For the first time since Australian Open 2008, neither Roger Federer or Rafael Nadal is in a grand slam final. If that seems like an unbelievable stat, the fact that Federer and Nadal have won 21 of the last 23 grand slams, albeit a pretty well known stat, is just incredibly mind boggling. A lot has been said of their rivalry but lately it seems that most of their “rivalry” has been off-court; i.e. more in terms of statistics. They have met on court just once in 2009 and once in 2010. They seem to have great respect for each other and both of them are pretty open about their friendliness towards each other. This is a very nice article in The Hindu saying pretty much the same thing.

This made me think that this really isn’t quite like a rivalry. Sure, they play their best tennis against each other and produce some really high quality tennis matches. I, however, would like to think of it as a partnership; one in which they have won everything in sight for the last 6 years, save perhaps the Paris Masters in which neither of them has even made it to the finals. The way these two have been winning tournaments the last few years, they’ve almost made it seem simple! On one hand they seem to have an ostensibly intense rivalry but on the other hand over the years, both seem to have become more and more friendly and have also worked together and made significant contributions to the society through tennis. They played two exhibition matches last year for the charities that they run respectively and were also in a lot of ways responsible for ‘Rally for Relief’ and ‘Hit for Haiti’. The most striking thing about these two players however, is how they’ve been able to silence their critics. After Wimbledon 2008, people started saying Federer is at the end of his career but within the next one and a half years, he’d won the Olympic Doubles gold medal, one US Open, French Open, Wimbledon and an Australian Open, along with a bunch of other tournaments. One of my first posts on this blog was about Rafa and I wrote about how I thought that Rafa would return very strongly (this was around the time Rafa was defeated by Soderling in the French open). After losing in the quarter finals to Murray last year at the Australian Open, Nadal clean swept the clay court Masters 1000 tournaments and won the next three grand slams (this somehow reminds me of how Tendulkar has silenced his critics over and over again).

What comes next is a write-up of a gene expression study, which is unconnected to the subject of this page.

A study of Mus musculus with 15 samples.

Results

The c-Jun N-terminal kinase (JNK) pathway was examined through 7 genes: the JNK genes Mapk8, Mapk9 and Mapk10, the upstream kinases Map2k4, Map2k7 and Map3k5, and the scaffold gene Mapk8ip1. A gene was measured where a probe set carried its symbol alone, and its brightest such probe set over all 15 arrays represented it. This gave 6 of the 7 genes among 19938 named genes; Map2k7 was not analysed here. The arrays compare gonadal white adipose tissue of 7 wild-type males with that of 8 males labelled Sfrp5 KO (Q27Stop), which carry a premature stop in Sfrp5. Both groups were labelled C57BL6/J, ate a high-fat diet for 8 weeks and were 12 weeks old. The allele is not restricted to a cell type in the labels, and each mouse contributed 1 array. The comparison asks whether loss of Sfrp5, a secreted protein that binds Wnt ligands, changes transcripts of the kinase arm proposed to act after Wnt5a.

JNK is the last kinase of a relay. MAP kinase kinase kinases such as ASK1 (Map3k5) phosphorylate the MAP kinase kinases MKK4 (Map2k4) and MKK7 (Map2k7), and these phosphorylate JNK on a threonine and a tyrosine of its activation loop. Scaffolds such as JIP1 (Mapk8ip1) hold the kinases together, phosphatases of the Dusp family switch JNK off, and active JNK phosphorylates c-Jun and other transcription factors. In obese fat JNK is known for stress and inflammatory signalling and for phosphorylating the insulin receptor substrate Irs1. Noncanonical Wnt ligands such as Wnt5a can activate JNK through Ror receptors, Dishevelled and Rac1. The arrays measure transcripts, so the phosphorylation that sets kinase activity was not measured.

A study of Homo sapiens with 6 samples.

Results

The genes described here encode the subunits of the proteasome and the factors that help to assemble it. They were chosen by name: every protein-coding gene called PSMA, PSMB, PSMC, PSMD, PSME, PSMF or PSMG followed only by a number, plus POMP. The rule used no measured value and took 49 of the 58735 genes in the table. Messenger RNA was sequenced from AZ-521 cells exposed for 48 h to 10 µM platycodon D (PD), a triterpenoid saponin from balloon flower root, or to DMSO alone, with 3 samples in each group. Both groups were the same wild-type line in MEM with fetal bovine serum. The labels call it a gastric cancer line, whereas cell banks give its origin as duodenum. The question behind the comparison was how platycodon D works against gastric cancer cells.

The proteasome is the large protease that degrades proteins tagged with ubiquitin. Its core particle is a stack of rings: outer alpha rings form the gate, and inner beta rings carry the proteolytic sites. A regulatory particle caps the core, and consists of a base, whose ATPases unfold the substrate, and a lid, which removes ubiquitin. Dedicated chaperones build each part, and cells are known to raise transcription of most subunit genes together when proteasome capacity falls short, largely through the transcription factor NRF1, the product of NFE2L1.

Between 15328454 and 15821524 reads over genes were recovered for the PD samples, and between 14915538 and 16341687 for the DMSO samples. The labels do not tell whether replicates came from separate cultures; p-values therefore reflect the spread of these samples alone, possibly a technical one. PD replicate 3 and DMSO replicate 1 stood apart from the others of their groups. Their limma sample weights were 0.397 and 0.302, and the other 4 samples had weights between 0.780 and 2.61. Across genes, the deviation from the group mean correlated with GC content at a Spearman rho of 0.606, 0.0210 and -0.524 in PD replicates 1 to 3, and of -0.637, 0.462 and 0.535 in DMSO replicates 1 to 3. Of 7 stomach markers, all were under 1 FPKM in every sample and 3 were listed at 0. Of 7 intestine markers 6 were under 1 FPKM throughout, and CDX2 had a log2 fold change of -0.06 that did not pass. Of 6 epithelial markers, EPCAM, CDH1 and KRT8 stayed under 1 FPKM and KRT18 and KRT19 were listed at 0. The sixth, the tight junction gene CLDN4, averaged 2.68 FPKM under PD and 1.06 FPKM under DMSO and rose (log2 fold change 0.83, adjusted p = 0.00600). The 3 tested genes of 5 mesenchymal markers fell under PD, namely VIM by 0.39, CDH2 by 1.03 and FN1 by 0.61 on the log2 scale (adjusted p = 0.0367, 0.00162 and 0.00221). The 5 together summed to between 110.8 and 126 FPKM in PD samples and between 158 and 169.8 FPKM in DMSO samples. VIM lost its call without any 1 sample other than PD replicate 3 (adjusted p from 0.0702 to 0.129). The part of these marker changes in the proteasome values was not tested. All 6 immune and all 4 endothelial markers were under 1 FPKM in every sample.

This “rivalry” has been so dominant that other good players like Djokovic and Murray have had almost no chance to prove that they are actually bloody good! A few people seem to think Murray is an over hyped player (quite a few of my Facebook friends think so). I’m sorry, but the guy has been in the top 5 for the last 3 years, has won 6 Masters 1000 tournaments, has been to 3 Grand Slam finals (including the current Australian Open) and has a 8-6 winning record against Federer – the only other top 10 player to have a positive winning record against Federer is Nadal. Saying Murray is anything but extremely good just doesn’t seem right, even though it is just somebody else’s opinion. Murray might not have won a grand slam but then again, not many people have, in the last few years! Just 4 Grand Slam champions since 2005 French Open, to be precise: Federer, Nadal, Djokovic and Del Potro. As I said, I think a lot of this criticism Murray and Djokovic receive about not winning more Grand Slams could be attributed to the fact that Rafa and Federer seem to make winning Grand Slams so easy!

But I’ve just rambled off statistics in this post. What is most important to me is that the reason I like tennis as much as I do today is because of Federer and Nadal. A couple of years ago, I was the sort of Federer fan who got upset if he lost to Nadal. Then, after that superb Wimbledon final in 2008, I started liking Rafa’s game but still used to get pretty upset when Murray or Djokovic or anyone else defeated Federer. I was the sort of guy who thought Federer could win every tournament he played, as if he were invincible. Lately though, I guess I’ve grown up in the way I see tennis. Now that I see Federer and Nadal as just humans and not some super-human-player-beings, it somehow makes tennis just better.